Friday 14 August, 2020

Azan calls for the private sector to force JLP/PNP unity on crime

Omar Azan (foreground) examines bedding in his manufacturing business.

Omar Azan (foreground) examines bedding in his manufacturing business.

Businessman Omar Azan is urging his fellow business operators and corporate Jamaica in general to help the country by forcing the governing Jamaica Labour Party (JLP) and the Opposition People’s National Party (PNP) to co-operate in an effort to effectively fight the country’s crime problem.

In a passionate speech to members of Jamaica Manufacturers and Exporters Association (JMEA) during its annual general meeting on Thursday, Azan said the private sector must become the driving force in forging a plan to tackle crime.

Azan, a former President of the Jamaica Manufacturers’ Association (JMA) before it was merged with the Jamaica Exporters’ Association (JEA) to become JMEA, said tackling the crime situation should be similar to what took place with the country’s economy.

He said, “I think as private sector we need to pressure and force the Opposition and Government to sit and finally come up with a plan that is monitored by a monitoring committee, the same way we monitor our country fiscally.

“If we don’t fix that crime thing and change our culture, no matter all that we do for tourism, for manufacturing, for agriculture, we will never be able to fix our country,” he added.

“Crime is a major factor that affects not only manufacturers, but every Jamaican living here, and I think it is something that we need to come together on in the same way that we came together fiscally in terms of the management of the economy of the country.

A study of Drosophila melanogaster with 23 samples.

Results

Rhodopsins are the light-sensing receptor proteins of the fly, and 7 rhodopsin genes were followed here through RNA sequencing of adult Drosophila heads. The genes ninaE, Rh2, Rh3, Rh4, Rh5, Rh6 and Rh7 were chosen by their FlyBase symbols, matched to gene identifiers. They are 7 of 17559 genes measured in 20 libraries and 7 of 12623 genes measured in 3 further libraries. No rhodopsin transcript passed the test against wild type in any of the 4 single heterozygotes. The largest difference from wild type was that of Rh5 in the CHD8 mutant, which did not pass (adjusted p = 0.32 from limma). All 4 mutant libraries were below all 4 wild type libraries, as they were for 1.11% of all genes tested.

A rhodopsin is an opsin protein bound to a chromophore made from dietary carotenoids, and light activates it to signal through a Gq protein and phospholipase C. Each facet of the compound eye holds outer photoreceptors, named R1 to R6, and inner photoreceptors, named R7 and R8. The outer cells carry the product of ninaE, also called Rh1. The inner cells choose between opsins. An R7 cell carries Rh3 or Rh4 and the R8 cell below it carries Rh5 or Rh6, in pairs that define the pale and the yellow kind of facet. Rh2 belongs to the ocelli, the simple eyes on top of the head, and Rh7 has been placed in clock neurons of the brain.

“It’s the one major thing I know we can work together on, and as an association, I think we need to pressure both sides to come together to meet, sit at a table and agree,” Azan said.

The island’s economy has been recovering over recent years, after years of minimal growth and fiscal mismanagement had resulted in it being in an almost collapsed state.

The recovering state of the economy has been credited to the International Monetary Fund (MF) forcing key stakeholders to join forces to come up with a plan of action to rescue the country economically.

It also involves a monitoring body, the Economic Programme Oversight Committee (EPOC), which is chaired by the private sector and gives quarterly reports on the progress of the Government in keeping with the plan of action.

Azan said, “the same way we have agreed with the IMF to do what we needed to do to fix our country fiscally, is the same way we need to sit together for the crime issue that we face as a country.

“So we need to pressure them and put some fire under their tails for that,” he declared.

Meanwhile, while agreeing with Azan, another former President of the JMA, Anthony Hyde, said her believes the private sector has not been given enough credit for the role it played in fixing the island’s economy.

He added to Azan’s suggestion by saying the private sector could also figure prominently in tackling the issues of corruption and the challenges in island’s education system.

Hyde said, “the change in the governance approach to the monitoring and fiscal policy of Jamaica took many years of lobbying by bodies such as this. In fact, I would think that the Jamaica manufacturers and the Jamaica exporters associations, along with the Private Sector Organisation of Jamaica (PSOJ, were the three main bodies that pressured successive governments over the years to deal with that issue.

“I believe that the Government in office today is taking a lot of credit for what is happening, and so too is the past Government that has just been out of office, but not enough credit has been given to associations like the JMA, the JEA and the PSOJ, for their actions in bringing about those changes.

“I believe it is equally important to look at corruption, and also important to look at the educational system, and I think this association, along with the PSOJ, could play a critical role in partnering with the Government to deal with those issues. I believe it needs private sector activity,” Hyde said.